22 October 2003


Charles Wilke
Charles R. Wilke, one of the founders of the Department of Chemical Engineering and a pioneer in the field of biochemical engineering, died Oct. 2 at his home in El Cerrito. He was 86 and had been battling cancer.

Wilke established an international reputation in the 1950s in the field of diffusion and mass transfer. He then shifted directions in the early 1960s to help establish the budding field of biochemical engineering. According to Harvey Blanch, a campus colleague, “Wilke’s early studies on the kinetics of microbial growth and gas-liquid mass transfer provided the engineering underpinnings for the revolution in molecular biology that was to come.”

Born in Ohio, Wilke put himself through the University of Dayton by playing trombone in a dance orchestra he organized. He received his M.S. from Washington State University and his Ph.D. from the University of Wisconsin. After brief stints with the Union Oil Company of California and Washington state, he joined the Berkeley faculty as an instructor of chemistry in 1946.

Rising through the ranks, Wilke became a full professor in 1953, after a shift in appointment to chemical engineering in 1949. He chaired the Division of Chemical Engineering between 1953 and 1956). When the Department of Chemical Engineering was established in 1957, he became its first chair — a position he held until 1963. Wilke guided the growth of the chemical engineering department from five faculty members to 16 and played a key role in making it preeminent at a time when the discipline was gaining social and economic importance. He became emeritus professor in 1987.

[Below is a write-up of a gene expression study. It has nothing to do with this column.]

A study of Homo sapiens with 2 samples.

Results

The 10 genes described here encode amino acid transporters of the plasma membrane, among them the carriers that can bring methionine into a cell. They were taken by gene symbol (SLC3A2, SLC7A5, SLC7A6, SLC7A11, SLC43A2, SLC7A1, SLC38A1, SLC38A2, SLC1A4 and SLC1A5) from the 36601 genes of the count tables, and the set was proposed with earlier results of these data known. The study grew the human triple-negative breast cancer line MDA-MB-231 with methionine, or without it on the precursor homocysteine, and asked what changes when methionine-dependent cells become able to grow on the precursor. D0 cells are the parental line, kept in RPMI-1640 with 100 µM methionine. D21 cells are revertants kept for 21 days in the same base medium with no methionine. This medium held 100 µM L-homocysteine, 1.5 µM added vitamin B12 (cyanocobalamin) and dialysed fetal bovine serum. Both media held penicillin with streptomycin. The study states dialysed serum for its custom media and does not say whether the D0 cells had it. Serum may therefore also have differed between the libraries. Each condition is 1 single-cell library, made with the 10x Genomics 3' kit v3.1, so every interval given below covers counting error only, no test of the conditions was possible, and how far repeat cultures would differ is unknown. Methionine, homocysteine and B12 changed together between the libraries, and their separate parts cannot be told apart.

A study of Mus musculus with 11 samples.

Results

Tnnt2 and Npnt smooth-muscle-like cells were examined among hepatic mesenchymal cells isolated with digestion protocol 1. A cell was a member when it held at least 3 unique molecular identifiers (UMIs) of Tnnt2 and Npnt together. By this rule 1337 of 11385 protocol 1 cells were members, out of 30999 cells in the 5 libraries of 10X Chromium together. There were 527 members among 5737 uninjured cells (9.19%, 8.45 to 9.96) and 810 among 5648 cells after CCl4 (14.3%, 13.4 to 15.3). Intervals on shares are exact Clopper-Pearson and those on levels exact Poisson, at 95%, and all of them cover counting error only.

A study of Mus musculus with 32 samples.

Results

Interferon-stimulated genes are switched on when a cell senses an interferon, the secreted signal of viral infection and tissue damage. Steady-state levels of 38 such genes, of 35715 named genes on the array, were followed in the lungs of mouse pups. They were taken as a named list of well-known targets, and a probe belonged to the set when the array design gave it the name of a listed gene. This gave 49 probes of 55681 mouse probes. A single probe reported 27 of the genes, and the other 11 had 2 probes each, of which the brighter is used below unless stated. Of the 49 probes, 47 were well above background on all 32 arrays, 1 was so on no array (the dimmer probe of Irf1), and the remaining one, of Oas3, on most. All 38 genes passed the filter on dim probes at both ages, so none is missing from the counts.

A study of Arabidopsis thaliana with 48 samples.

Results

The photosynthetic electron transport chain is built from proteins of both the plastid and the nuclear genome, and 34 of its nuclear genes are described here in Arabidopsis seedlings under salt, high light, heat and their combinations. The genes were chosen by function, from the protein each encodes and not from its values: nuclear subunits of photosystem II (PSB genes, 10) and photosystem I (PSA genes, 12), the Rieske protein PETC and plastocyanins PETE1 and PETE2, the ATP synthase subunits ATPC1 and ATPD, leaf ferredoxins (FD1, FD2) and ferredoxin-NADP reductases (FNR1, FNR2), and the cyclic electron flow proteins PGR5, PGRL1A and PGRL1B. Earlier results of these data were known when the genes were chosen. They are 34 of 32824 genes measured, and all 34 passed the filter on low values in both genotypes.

The author of more than 150 scholarly papers, Wilke mentored more than 100 M.S. and Ph.D. students. He also served for several years as assistant to the chancellor for academic affairs, was active on many campus committees, and was a faculty investigator at the Lawrence Berkeley Lab. Beyond the campus, he served as director of the American Institute of Chemical Engineers. His work earned him the highest awards of his profession.

Wilke’s wife of 57 years, Bernice, died last March. He is survived by his sister-in-law, Mary Arnett, of Kensington.

Friends, students, and colleagues are establishing an endowed chair in chemical engineering in his honor. Memorial gifts to the Wilke Chair may be made payable to the UC Berkeley Foundation and sent to 420 Latimer Hall, UC Berkeley, Berkeley, CA 94720-1460. A memorial celebration of his life will be held at 1 p.m. on Sunday, Nov. 16, at the Faculty Club.